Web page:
Sights from Havana’s Streets


Photo feature by Elio Delgado Valdés

Text by Elvira Pardo Cruz

HAVANA TIMES — Cuba is unquestionably a rapidly aging society. The care afforded the elderly by our welfare system, and the country’s achievements in the field of medicine, serves to prolong the life of individuals. This has led to a phenomenon in which families are often composed of three and even four different generations, making the housing situation more difficult.

There is less and less space in the city and the square meters per inhabitant increasingly fewer. To what extent is the migration of peoples from other provinces in search of a better life in Havana understandable and justified? Is Havana not a part of Cuba? Would it not be more advisable to create new opportunities for people, help in the local development and progress of their respective places of residence?

When we go out to street, we see crowds of people who give us the impression that they do nothing the day through. What is their livelihood?

Cuba is a beautiful country. Agreeable environments are to be found across the entire island. It is up to people to impel progress and development for the benefit of their communities. Cuba’s social problems aren’t solved by simply moving from one province to another.

Click on the thumbnails below to view all the photos in this gallery. On your PC or laptop, you can use the directional arrows on the keyboard to move within the gallery. On cell phones use the keys on the screen.

3 thoughts on “Sights from Havana’s Streets

  • We can’t say whether the sight of very old people in Cuba is one of the visible side-effects of Fidel Castro’s decision to make medical services free-of-charge. If colossal numbers of very old Cubans died in the space of one decade, it would be a sign that the free-of-charge medical services are starting to show fatigue in guaranteeing high life expectancy for all Cubans.
    With the Antarctic ice slowly melting, we should ask the authorities to send the oldest of the old in Cuba to live in Antarctica because we are crusaders against overpopulation. The Cuban leaders don’t mind if the population of Cuba decreases, because they virulently oppose overpopulation, being heartbroken that the mullahs in Iran want families to have more and more children. (It would be a very, very evil thing for Raul Castro to send the elderly in Cuba to the countryside to starve to death just like Hitler banished homosexuals, euthanized, and retarded to death camps)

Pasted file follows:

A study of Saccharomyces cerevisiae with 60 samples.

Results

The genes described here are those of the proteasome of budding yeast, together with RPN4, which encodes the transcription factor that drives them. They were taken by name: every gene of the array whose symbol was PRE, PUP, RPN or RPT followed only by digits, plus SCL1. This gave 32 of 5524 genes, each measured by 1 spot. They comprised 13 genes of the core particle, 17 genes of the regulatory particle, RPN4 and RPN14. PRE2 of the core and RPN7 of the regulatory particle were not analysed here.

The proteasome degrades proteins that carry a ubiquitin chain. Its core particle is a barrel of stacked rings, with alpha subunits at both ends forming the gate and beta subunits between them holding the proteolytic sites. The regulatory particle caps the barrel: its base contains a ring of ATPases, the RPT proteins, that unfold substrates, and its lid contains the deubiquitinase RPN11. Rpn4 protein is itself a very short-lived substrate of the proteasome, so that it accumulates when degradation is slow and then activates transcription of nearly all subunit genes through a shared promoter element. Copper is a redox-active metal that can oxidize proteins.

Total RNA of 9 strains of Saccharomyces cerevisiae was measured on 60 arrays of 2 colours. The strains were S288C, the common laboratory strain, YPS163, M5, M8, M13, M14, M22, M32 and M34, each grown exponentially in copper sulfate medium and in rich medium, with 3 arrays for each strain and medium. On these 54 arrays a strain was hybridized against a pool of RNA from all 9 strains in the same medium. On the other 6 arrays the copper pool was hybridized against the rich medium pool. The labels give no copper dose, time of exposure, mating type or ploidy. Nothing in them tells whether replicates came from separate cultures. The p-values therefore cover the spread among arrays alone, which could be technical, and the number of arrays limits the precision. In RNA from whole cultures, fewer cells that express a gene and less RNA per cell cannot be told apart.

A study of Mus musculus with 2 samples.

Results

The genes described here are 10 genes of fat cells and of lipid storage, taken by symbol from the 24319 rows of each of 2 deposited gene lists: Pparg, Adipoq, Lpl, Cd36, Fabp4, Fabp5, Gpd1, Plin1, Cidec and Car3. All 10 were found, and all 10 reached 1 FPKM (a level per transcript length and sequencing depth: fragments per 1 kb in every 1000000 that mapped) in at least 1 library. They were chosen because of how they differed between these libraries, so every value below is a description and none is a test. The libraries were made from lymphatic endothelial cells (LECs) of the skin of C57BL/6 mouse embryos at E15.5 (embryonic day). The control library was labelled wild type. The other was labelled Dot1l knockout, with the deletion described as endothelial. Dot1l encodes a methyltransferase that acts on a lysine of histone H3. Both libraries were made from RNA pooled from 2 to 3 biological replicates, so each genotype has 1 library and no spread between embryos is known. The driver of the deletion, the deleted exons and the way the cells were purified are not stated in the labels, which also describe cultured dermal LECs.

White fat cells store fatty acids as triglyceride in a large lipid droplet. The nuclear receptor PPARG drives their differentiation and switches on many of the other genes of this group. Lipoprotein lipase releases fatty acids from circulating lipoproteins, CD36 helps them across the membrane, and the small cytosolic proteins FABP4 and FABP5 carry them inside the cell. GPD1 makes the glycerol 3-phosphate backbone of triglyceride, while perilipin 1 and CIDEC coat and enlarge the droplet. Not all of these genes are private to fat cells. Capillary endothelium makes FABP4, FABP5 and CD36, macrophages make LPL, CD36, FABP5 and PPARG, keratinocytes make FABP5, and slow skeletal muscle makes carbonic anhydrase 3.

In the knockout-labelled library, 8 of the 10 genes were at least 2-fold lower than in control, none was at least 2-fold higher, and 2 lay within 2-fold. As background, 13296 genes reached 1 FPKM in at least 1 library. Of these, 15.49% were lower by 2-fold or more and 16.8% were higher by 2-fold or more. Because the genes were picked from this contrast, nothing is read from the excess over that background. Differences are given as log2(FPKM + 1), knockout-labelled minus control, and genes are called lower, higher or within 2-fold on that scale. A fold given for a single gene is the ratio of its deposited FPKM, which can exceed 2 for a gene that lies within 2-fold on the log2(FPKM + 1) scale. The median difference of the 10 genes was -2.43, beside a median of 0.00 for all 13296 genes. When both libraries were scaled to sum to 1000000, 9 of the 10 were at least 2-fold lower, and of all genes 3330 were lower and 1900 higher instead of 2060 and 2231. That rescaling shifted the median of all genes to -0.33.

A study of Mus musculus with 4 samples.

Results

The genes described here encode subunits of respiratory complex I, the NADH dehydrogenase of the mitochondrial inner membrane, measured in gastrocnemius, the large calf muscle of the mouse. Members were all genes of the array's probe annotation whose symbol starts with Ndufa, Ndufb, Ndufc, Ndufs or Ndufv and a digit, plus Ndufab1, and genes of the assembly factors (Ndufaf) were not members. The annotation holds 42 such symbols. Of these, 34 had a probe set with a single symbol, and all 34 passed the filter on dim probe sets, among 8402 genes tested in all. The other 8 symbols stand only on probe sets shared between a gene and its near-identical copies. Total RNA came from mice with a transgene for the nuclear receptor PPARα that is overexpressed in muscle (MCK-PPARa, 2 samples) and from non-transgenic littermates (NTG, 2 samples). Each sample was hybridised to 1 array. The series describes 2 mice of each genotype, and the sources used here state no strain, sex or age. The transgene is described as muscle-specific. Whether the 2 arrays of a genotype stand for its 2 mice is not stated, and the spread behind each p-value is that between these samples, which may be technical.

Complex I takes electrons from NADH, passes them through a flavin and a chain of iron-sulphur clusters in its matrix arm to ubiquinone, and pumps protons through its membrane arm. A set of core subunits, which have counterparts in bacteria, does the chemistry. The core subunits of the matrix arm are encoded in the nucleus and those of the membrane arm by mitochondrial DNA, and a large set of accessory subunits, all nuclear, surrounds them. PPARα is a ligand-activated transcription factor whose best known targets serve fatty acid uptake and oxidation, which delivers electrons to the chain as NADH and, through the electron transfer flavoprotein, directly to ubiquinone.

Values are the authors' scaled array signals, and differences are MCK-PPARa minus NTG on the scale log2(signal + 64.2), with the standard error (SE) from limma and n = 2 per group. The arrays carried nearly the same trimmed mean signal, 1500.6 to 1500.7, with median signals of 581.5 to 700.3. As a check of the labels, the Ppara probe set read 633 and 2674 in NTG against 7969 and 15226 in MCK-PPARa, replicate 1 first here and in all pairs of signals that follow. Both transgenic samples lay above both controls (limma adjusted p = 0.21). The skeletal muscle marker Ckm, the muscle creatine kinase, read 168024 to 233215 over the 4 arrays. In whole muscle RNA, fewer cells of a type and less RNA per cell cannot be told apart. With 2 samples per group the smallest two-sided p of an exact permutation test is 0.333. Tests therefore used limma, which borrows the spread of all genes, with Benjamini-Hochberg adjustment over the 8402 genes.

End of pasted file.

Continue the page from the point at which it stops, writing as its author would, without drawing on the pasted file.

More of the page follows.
• It is the generous welfare policy of the Castro family regime which provides an old age pension of 200 pesos ($8) per month. One has to respect the Cuban Doctors for the care they provide to all their patients. The Doctors receive even more “pay” from the generous regime a total of some $35 per month.
    The problem of crowded housing is not peculiar to Havana. It applies across the length and breadth of Cuba. Permission is required for non-Havana residents to move into Havana. Neither is Havana alone in having crowds of people with apparently nothing to do and yet agricultural production diminishes in a country with hundreds of thousands of acres of good agricultural land lying fallow and reverting to bush.
    The aging population is a consequence of younger generations leaving the country whenever opportunity presents itself – marrying tourists, absconding from touring sports teams, taking a raft or as recently described in Havana Times, entering the USA from Mexico as a political refugee.
    The regime is building some new houses in our community but they are for the military not the citizens.
    Viva Fidel
    Viva Raul,
    Viva los Castros
    Que controla todo y todos
    Gracias para la generosidad!

  • Very nice set of pictures Elio. What type camera are you using?